People of western democracies can learn a lot from the riot grrrl art collective

pussy riotTwo years ago this February, five members of the Russian anti-Putin art collective known as Pussy Riot performed a “punk prayer” at the altar of Christ the Savior Cathedral in Moscow. The song they belted out was a plea for the Virgin Mary to remove Vladimir Putin from power just weeks before his re-election.

Days after the demonstration, three of the members were arrested, charged with “hooliganism” and denied bail. After a speedy and one sided trial, Judge Syrova found Nadezhda Tolokonnikova, Yekaterina Samutsevich and Maria Alyokhina guilty of “hooliganism motivated by religious hatred” and sentenced them to two years in prison.

The three women had insisted there was no intention of offending Russian Orthodoxy, but wanted to bring attention to the church’s close ties to the state. “Our goal was to bring attention to Father Kirill’s public statements that the Orthodox must vote for Putin,” Alyokhina wrote in a lettered statement “I thought the church loved its children. It turns out the church only loves those children who believe in Putin”.

A little over two years later to the day, during the middle of the Sochi Olympics, Tolokonnikova & Alyokhina along with three other members of the group attempted twice to film a video for a song called “Putin Will Teach You to Love the Motherland.” On the first attempt, they were arrested along with 15 others before they got a chance to play. The next day the group was beaten by uniformed Cossacks working in a security capacity for the Olympics.

pussy riot, Tolokonnikova & Alyokhina
Alyokhina and Tolokonnikova

This time around, Pussy Riot was protesting corrupt Olympic officials, the plight of an arrested environmentalist and suppressed freedoms in Russia in general. Putin has taken to raiding the houses of anti-Putin activists and anti-corruption bloggers. He has also passed several laws including one that raises the fine for taking part in an unauthorized demonstration to about $7000 USD. Of course we’ve all heard of Russia’s LGBT propaganda law.

With the exception of the Russian church and a Russian populace force fed news from state television, what Pussy Riot does in the eyes of many are simple acts of civil disobedience. Actions taken to try and educate the Russian public on Putin’s abuses of power and a Catholic church with close ties to him.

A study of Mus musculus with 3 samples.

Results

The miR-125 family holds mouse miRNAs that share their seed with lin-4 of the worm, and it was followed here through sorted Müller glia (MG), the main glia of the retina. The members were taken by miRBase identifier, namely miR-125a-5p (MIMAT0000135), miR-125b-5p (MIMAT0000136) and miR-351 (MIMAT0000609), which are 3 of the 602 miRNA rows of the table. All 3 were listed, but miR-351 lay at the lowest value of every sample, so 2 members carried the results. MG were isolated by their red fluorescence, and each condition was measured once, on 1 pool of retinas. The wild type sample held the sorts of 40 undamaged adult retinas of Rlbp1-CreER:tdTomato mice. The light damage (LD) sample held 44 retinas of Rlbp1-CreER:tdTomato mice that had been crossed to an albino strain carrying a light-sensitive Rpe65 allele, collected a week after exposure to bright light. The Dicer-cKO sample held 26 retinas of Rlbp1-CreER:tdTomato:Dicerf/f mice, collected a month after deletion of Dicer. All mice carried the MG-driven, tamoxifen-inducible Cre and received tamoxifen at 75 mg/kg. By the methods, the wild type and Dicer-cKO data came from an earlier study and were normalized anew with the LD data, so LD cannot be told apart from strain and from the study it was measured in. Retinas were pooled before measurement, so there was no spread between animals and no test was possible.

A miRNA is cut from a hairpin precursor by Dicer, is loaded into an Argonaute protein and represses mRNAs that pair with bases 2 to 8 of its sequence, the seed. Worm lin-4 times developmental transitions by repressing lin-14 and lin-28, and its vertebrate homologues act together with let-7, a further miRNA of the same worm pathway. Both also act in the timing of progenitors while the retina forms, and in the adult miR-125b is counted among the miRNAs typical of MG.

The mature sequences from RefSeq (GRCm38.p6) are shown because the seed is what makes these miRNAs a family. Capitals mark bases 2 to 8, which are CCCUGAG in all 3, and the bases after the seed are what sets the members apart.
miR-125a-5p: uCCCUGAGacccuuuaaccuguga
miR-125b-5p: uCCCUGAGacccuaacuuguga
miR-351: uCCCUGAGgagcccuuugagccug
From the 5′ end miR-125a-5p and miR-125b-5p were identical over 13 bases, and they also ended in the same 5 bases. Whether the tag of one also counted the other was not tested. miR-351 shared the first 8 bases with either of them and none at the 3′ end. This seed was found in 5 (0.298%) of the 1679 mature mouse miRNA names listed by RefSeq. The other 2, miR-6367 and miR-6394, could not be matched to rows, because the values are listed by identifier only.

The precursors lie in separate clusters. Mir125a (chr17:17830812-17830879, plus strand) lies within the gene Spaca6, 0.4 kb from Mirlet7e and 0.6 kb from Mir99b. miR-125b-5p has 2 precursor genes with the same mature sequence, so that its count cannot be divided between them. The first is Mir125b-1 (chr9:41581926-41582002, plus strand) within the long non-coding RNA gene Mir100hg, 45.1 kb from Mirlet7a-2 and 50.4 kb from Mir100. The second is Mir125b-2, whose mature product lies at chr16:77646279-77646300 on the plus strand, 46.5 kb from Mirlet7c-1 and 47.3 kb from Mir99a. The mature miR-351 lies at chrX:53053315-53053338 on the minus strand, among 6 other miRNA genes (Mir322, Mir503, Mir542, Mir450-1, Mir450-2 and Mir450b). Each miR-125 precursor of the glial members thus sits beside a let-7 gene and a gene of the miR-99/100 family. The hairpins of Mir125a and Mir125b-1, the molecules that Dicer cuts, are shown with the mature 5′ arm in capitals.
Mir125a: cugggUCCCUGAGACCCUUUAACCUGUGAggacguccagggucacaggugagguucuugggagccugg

Pussy Riot have been imprisoned for singing in a church. They have had their music videos, live blog and website banned under an anti-extremist law (their lyrics do not call for extremist action). Now to add injury to insult they were briefly hospitalized after the Cossack attack. Despite it all, they keep fighting because they know what’s right.

Pussy Riot knows full well what the consequences are, given Putin’s reputation, but they do it anyway. This band of activists has a passion for the welfare of their country, a deep desire to make it better. What they do takes guts, something sorely missing in western democracies.

We don’t face the same problems as the people of Russia or similar places, but that doesn’t mean we should sit back and enjoy the ride. To quote an American punk/metal band; “the greatest weapon of a fascist is the tolerance of a pacifist”. Those lyrics were written over twenty years ago, but resonate more in North America today than when they were first sang.

Today we live in a country where the people take a backseat to corporate power. A new authority determined to siphon as much profit from the masses as it possibly can at the expense of the environment, our health and our very well-being. To make matters worse, it is doing so with the help of our governments.

The occupy movement brought this fact to light a few years back, but at the same time, local governments were quite effective in dispersing the crowds and the momentum the 99 percent created. Awareness is only a stepping stone however; sitting in a park will never end decades of growing corporate dominance. What we need to do is follow in Pussy Riot’s example, sometimes a simple act of civil disobedience can galvanize a movement—look at Rosa Parks.

2 COMMENTS

  1. Let “Pussy Riot” be our ever reminding model for bravery & dedication In our acts of civil disobedience & standing up to the machine, even when it seems most hopeless!